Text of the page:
My Sheep Hear My Voice
My sheep hear My voice, and I know them, and they follow Me.
A woman decided she wanted to try ice fishing. So she went out and cut a hole in the ice. Just then she heard a loud voice say, “There are no fish under the ice.” Amazed at hearing a voice speaking to her she wondered if it was God. She finally convinced herself she imagined hearing the voice so she tried drilling a hole in anther spot. Again she heard the voice, “There are no fish under the ice.” “Is that you God?” she asked. To which she heard the reply, “No, this is the ice rink manager.”
John 10:1-21 is part of a larger discourse Jesus gave at the Feast of Booths in Jerusalem. In this section, Jesus tells us He is the Good Shepherd. Jesus is speaking to those who had gathered at the temple to listen to Him, including His disciples and the Pharisees. There is a general contrast between the Pharisees and those who thought they could see and hear (9:40-41) with His disciples, and the ones who actually did see and hear.
Jesus portrays Himself as the shepherd who enters the fold and calls His sheep by name. And after the shepherd has called them, He leads them out, and they follow Him because they know His voice (vv. 3-4). Jesus then switches to being the door. He says, "I am the good shepherd who lays down His life for the sheep" (v. 11). When Jesus died on the cross, He became the door and the way to enter for salvation. In v. 16, Jesus says He has other sheep that He must bring in also who will hear His voice and join the rest of the flock. These sheep refer to the Gentiles that would believe and form one spiritual body (see Eph 2:16).
After Jesus said these things, the division is obvious. Many said, "He has a demon and is insane," while others said, "These aren't the sayings of one demon-possessed" (vv. 19-21). Already you can see between those who could hear His voice and those who couldn't. Hearing Jesus' voice has to do with understanding and belief.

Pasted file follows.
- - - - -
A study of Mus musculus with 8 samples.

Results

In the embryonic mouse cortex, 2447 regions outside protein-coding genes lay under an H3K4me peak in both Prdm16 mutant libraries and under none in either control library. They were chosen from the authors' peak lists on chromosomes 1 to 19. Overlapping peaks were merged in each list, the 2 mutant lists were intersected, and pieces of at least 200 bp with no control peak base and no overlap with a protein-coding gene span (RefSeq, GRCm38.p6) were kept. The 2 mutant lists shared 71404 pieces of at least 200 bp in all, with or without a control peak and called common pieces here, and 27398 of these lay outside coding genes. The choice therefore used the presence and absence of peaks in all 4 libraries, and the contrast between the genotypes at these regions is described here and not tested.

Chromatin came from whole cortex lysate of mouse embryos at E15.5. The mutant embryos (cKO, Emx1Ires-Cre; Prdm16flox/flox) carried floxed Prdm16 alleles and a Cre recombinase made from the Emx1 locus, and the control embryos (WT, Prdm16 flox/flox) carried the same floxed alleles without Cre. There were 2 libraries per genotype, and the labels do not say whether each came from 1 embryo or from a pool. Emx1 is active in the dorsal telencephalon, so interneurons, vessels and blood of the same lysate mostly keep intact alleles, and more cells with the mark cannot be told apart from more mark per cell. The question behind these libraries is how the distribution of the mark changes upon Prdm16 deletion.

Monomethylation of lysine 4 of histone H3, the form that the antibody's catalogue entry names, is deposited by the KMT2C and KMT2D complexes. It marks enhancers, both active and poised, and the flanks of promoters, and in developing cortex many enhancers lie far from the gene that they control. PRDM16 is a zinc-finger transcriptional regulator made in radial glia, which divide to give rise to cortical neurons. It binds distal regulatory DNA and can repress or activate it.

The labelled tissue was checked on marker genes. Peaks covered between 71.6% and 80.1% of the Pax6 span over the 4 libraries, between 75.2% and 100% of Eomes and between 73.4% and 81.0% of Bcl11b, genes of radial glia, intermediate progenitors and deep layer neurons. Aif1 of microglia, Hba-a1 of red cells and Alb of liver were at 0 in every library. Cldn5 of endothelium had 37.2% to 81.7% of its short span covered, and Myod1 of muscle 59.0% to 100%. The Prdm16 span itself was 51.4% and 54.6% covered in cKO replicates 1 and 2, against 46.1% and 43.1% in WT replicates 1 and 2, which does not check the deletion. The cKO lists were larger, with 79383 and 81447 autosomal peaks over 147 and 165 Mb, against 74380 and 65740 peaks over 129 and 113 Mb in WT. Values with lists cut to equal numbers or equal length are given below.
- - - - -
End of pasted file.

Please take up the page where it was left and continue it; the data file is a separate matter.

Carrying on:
The discourse is picked up again in John 10:22 at the temple in the portico of Solomon during the time of the Feast of Dedication. The Jews gathered to listen and said, "How long will you keep us in suspense? If you are the Christ, tell us plainly" Jesus responded by telling them, "I told you and you do not believe" (v. 24-25). And the reason you don't believe is because you aren't My sheep. I didn't call your name and you are not in My flock. "My sheep hear My voice, and I know them, and they follow Me" (vv. 26-27).
Clearly, hearing Jesus' voice in this verse has to do with salvation; understanding the gospel when we hear it, and responding to what we hear by following Him. The next verse (v. 28), affirms this when it says, "and I give eternal life to them, and they shall never perish; and no one shall snatch them out of My hand."
John Piper says this about John 10:27 in Jesus' Sheep Hear His Voice--What's That Mean?:
"My sheep hear my voice" means, "my elect are enabled by God to hear the truth, the true shepherd, when the gospel is preached."
Matt Moore from Crosswalk says in his article, Do You Hear Jesus' Voice?:
He went on to say in the next verse, “My sheep hear my voice, and I know them, and they follow me” (John 10:27). Notice what the sheep that truly hear his voice do: they follow him. The only people who follow Jesus are those who believe, embrace, and bank their lives on his words. Many who were under the sound of his voice rejected what he said; therefore they did not truly hear him. But those who believed his words followed him and thereby demonstrated that they truly heard his voice.
Therefore, to use John 10:27 to teach, "My sheep hear My voice" means that a believer can learn to hear God's voice because He is always speaking in various ways, is to pluck this verse out of its context and give it a different meaning.
Praise God, He gave us a Savior, who is our Good Shepherd! When He called our name, we responded and followed Him, and proved that we are His sheep and heard His voice!
Jesus' voice is saying, "I am the way, and the truth, and the life. No one comes to the Father, but through Me (Jn 14:6).